The Banality of Evil

Lately, I’ve found myself thinking a lot about Hannah Arendt’s work, so it was a special treat to come across Adam Kirsch’s excellent article about her in this week’s New Yorker. Here is the opening paragraph:

In 1999, the Croatian novelist Slavenka Drakulić visited The Hague to observe the trials for war crimes committed in the former Yugoslavia. Among the defendants was Goran Jelisić, a thirty-year-old Serb from Bosnia, who struck her as “a man you can trust.” With his “clear, serene face, lively eyes, and big reassuring grin,” he reminded Drakulić of one of her daughter’s friends. Many of the witnesses at The Hague shared this view of the defendant—even many Muslims, who told the court how Jelisić helped an old Muslim neighbor repair her windows after they were shattered by a bomb, or how he helped another Muslim friend escape Bosnia with his family. But the Bosnian Muslims who had known Jelisić seven years earlier, when he was a guard at the Luka prison camp, had different stories to tell. Over a period of eighteen days in 1992, they testified, Jelisić himself killed more than a hundred prisoners. As Drakulić writes, he chose his victims at random, by asking “a man to kneel down and place his head over a metal drainage grating. Then he would execute him with two bullets in the back of the head from his pistol, which was equipped with a silencer.” He liked to introduce himself with the words “Hitler was the first Adolf, I am the second.” He was sentenced to forty years in prison.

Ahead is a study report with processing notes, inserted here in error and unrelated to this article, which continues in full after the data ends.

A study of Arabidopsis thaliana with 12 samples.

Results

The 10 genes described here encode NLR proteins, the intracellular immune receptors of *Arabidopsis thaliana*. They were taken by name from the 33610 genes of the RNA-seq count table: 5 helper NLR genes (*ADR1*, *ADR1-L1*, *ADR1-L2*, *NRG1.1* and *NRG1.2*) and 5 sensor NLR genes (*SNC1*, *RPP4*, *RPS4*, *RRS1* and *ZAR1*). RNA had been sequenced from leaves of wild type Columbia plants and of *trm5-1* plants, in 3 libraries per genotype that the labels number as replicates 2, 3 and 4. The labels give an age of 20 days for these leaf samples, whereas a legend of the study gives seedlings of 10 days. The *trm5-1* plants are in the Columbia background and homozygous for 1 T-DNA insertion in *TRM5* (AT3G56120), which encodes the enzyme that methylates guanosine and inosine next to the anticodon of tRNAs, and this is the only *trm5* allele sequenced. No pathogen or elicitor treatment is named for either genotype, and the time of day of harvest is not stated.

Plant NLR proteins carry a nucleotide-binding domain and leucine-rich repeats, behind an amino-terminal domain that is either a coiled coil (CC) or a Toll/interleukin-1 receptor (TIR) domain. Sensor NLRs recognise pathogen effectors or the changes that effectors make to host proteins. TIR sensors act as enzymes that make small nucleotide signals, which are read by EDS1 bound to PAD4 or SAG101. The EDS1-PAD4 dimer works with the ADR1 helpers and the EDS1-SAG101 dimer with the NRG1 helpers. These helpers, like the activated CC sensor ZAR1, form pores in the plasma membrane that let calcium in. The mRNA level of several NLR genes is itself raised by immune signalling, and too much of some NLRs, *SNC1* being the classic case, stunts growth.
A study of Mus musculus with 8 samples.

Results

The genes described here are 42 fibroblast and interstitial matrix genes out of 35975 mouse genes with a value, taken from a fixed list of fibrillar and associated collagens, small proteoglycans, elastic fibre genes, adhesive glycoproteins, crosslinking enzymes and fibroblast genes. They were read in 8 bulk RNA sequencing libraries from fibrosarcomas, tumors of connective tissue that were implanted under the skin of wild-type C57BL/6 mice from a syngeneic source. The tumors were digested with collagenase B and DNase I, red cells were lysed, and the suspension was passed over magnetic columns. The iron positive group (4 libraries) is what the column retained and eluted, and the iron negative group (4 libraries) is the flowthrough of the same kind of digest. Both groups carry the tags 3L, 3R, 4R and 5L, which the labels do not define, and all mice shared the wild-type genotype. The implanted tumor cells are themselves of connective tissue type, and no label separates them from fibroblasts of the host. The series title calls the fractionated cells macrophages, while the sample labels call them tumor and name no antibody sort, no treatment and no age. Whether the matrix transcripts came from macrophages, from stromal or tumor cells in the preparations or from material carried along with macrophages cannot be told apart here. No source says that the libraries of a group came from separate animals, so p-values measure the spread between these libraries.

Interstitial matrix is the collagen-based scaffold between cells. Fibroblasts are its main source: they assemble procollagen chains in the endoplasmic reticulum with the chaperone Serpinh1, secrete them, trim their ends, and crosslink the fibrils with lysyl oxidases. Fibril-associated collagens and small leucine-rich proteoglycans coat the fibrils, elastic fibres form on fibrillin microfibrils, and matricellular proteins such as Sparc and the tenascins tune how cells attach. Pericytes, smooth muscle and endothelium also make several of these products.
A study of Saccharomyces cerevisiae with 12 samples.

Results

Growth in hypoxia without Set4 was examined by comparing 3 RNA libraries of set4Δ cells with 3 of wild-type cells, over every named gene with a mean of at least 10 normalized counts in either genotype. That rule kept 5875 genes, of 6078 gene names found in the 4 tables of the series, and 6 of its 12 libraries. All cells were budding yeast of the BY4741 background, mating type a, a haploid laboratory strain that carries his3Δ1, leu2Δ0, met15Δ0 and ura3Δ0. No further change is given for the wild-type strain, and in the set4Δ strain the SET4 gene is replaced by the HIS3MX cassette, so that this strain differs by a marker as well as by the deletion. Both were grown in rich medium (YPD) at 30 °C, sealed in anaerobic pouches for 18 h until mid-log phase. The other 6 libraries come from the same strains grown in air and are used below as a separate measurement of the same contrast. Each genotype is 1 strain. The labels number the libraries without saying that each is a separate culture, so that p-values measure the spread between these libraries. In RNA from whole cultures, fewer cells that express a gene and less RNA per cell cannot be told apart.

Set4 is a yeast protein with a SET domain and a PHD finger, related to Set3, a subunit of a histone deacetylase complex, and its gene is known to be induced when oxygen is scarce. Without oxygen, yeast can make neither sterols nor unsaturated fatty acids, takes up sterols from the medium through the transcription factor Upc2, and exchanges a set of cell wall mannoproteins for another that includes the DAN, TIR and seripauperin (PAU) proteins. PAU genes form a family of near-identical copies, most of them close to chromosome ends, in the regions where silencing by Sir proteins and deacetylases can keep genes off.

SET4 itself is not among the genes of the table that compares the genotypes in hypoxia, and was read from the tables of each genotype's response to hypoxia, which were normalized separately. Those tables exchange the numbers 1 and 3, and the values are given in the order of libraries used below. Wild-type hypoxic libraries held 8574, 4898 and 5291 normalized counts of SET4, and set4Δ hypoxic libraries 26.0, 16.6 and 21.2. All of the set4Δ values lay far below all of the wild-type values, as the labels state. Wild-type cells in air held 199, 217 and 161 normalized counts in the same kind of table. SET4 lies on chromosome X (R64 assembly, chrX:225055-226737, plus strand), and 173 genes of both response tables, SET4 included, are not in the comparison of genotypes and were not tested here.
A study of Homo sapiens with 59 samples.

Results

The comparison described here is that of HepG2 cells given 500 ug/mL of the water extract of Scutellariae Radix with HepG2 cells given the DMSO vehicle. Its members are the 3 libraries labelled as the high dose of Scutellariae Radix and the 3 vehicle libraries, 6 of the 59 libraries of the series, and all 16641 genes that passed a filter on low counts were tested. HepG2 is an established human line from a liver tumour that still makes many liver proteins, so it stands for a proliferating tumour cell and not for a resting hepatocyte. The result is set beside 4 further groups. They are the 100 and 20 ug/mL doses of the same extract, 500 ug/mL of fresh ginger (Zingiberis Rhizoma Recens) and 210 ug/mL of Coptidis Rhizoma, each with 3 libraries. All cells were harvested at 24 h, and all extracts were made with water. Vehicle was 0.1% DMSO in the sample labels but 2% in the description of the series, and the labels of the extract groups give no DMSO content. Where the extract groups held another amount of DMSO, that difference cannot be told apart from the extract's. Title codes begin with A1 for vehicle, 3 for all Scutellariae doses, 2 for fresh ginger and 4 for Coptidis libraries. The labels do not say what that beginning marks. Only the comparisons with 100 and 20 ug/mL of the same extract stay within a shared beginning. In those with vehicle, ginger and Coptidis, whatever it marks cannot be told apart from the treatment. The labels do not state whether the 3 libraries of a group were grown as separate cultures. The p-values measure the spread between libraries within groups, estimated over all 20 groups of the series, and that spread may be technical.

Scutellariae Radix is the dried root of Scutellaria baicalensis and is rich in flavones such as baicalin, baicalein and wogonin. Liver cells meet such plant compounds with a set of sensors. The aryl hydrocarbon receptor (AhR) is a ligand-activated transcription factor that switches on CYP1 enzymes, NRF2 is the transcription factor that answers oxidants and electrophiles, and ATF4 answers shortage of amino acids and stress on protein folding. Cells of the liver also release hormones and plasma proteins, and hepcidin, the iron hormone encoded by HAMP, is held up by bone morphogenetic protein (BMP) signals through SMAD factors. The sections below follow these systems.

None of Drakulić’s experience in creating fictional characters could help her understand such a mind, which remained all the more unfathomable because of Jelisić’s apparent normality, even gentleness. “The more you realize that war criminals might be ordinary people, the more afraid you become,” she wrote. What Drakulić discovered, in other words, is what Hannah Arendt, at the trial of Adolf Eichmann, in Jerusalem, some forty years earlier, called “the fearsome, word-and-thought-defying banality of evil.”

The essay covers a lot of ground—including Arendt’s troubled, and troubling, relationship with Heidegger and how the experience contributed to her intellectual growth. You can read the entire piece online, here.